As daylight-saving time (DST) concludes in Australia, the nation witnesses a subtle yet significant shift in its daily rhythm. This annual adjustment, which will see clocks reverting to standard time on April 7, 2024, is more than just gaining an extra hour of sleep. It’s a practice deeply rooted in history and aimed at energy conservation. Read on and learn more about daylight-saving time and its possible energy impact in Australia.


Daylight-saving time (DST) in Australia is observed in several states, including New South Wales, Victoria, South Australia, Tasmania, and the Australian Capital Territory. These regions set their clocks forward by one hour in early October and set them back in early April to make better use of the natural daylight during the evenings.


The original purpose of DST was to save fuel during World War I by reducing the need for artificial lighting. However, modern studies suggest that the impact on energy savings today is complex. Research indicates that while DST may reduce power usage in the evenings, it inadvertently increases demand in the mornings. The overall impact on energy consumption appears to be small, with some studies suggesting that any savings in lighting are offset by increased use of heating and cooling systems.

In Australia, where the climate varies dramatically across the continent, the effects of DST on energy usage are mostly intricate. For instance, in regions where air conditioning is prevalent, extended daylight hours can lead to a rise in energy demand due to increased cooling requirements.

The concept of DST has been a topic of debate, too. Some argue that it disrupts circadian rhythms and poses health risks. Others believe the extra hour of daylight can benefit retail opportunities and provide more time for outdoor activities.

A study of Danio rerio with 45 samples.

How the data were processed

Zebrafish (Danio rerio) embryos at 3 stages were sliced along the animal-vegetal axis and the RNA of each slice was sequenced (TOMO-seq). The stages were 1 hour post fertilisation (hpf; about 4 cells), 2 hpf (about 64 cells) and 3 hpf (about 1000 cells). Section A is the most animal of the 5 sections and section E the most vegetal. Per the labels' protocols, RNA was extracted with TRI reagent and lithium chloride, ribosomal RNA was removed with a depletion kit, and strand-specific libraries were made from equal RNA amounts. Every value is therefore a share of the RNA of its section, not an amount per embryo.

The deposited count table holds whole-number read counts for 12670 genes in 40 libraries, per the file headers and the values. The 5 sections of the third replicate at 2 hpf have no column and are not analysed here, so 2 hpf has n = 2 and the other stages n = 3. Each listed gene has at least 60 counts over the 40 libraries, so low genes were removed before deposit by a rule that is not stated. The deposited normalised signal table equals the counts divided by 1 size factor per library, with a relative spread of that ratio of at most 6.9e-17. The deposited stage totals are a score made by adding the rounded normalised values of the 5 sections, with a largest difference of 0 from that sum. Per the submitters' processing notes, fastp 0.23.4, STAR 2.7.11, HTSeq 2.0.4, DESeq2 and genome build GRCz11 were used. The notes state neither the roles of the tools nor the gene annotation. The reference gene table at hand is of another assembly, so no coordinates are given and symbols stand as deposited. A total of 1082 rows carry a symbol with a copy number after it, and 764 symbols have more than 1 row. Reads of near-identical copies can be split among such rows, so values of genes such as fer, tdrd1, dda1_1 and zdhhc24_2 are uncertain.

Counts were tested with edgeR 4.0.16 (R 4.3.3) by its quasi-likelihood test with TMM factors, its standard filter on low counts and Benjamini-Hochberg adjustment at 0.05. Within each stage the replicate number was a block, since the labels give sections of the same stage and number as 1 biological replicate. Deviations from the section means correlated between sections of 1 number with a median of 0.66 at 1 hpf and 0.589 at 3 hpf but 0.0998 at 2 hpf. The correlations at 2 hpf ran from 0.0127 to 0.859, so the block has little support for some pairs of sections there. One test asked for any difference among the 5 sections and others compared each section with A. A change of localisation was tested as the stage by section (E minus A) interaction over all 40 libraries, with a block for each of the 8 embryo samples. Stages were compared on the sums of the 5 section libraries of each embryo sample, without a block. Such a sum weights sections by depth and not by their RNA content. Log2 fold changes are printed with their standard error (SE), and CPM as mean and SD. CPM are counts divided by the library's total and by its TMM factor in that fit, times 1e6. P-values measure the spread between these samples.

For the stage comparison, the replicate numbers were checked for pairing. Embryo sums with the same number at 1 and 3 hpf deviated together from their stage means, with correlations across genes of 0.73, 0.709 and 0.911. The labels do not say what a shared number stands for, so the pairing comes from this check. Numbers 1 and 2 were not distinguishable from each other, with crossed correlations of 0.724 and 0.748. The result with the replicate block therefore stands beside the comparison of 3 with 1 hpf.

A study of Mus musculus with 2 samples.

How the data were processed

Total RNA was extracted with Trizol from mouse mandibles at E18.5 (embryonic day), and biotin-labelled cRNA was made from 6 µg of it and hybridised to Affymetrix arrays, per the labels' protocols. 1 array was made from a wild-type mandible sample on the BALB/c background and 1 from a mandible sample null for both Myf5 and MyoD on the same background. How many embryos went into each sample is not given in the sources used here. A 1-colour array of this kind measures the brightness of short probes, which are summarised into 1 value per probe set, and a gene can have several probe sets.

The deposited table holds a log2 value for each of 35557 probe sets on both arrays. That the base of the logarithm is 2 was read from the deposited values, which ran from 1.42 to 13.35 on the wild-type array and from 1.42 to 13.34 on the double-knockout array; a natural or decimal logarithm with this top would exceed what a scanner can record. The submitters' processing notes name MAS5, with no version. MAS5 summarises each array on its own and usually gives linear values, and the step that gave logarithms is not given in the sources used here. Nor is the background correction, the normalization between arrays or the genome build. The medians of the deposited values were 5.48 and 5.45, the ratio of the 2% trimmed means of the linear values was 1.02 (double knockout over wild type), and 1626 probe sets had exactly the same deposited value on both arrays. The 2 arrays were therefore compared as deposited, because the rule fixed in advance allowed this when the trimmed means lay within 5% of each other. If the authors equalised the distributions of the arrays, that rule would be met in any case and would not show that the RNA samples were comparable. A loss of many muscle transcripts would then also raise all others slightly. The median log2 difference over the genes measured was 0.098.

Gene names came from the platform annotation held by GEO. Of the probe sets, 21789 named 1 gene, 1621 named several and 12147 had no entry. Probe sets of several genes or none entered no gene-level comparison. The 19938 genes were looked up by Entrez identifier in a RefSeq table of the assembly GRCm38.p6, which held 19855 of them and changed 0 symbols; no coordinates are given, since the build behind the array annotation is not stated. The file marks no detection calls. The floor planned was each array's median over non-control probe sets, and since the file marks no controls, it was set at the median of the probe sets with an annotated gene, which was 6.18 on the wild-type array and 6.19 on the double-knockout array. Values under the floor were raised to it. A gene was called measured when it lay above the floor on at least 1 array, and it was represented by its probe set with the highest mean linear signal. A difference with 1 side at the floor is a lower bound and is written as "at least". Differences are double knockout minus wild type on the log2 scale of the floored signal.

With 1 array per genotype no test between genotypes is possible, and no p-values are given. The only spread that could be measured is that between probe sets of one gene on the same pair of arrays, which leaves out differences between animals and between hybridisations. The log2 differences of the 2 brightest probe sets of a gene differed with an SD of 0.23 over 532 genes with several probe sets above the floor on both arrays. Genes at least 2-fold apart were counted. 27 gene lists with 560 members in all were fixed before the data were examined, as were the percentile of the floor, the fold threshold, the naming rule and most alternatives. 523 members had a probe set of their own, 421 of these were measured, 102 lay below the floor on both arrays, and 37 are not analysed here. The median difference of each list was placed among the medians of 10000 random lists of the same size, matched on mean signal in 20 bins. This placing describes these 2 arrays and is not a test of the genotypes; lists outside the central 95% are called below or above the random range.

In some countries, the practice of DST is being reconsidered. For instance, the European Parliament voted to end DST from 2021, although this decision was later overturned due to the COVID-19 pandemic and other priorities.


While the effectiveness of DST in saving energy is debatable, it remains a practice in parts of Australia and worldwide. Regardless of its impact on energy consumption, individuals can take steps to manage their energy use effectively before, during, and after this time. Here are some tips on how to save energy with or without DST.

  • Utilise natural lighting as much as possible to reduce the need for artificial lights.
  • Turn off lights and unplug computers, consoles, TV, and other appliances when not in use.
  • Operate appliances like dishwashers and washing machines during the cooler parts of the day to avoid adding heat to your home.
  • Replace incandescent bulbs with LED lights, which use less energy and have a longer lifespan.
  • Use fans instead of air conditioning, when possible, to stay cool.
  • Apply window shades to block direct sunlight and reduce heat gain inside your home.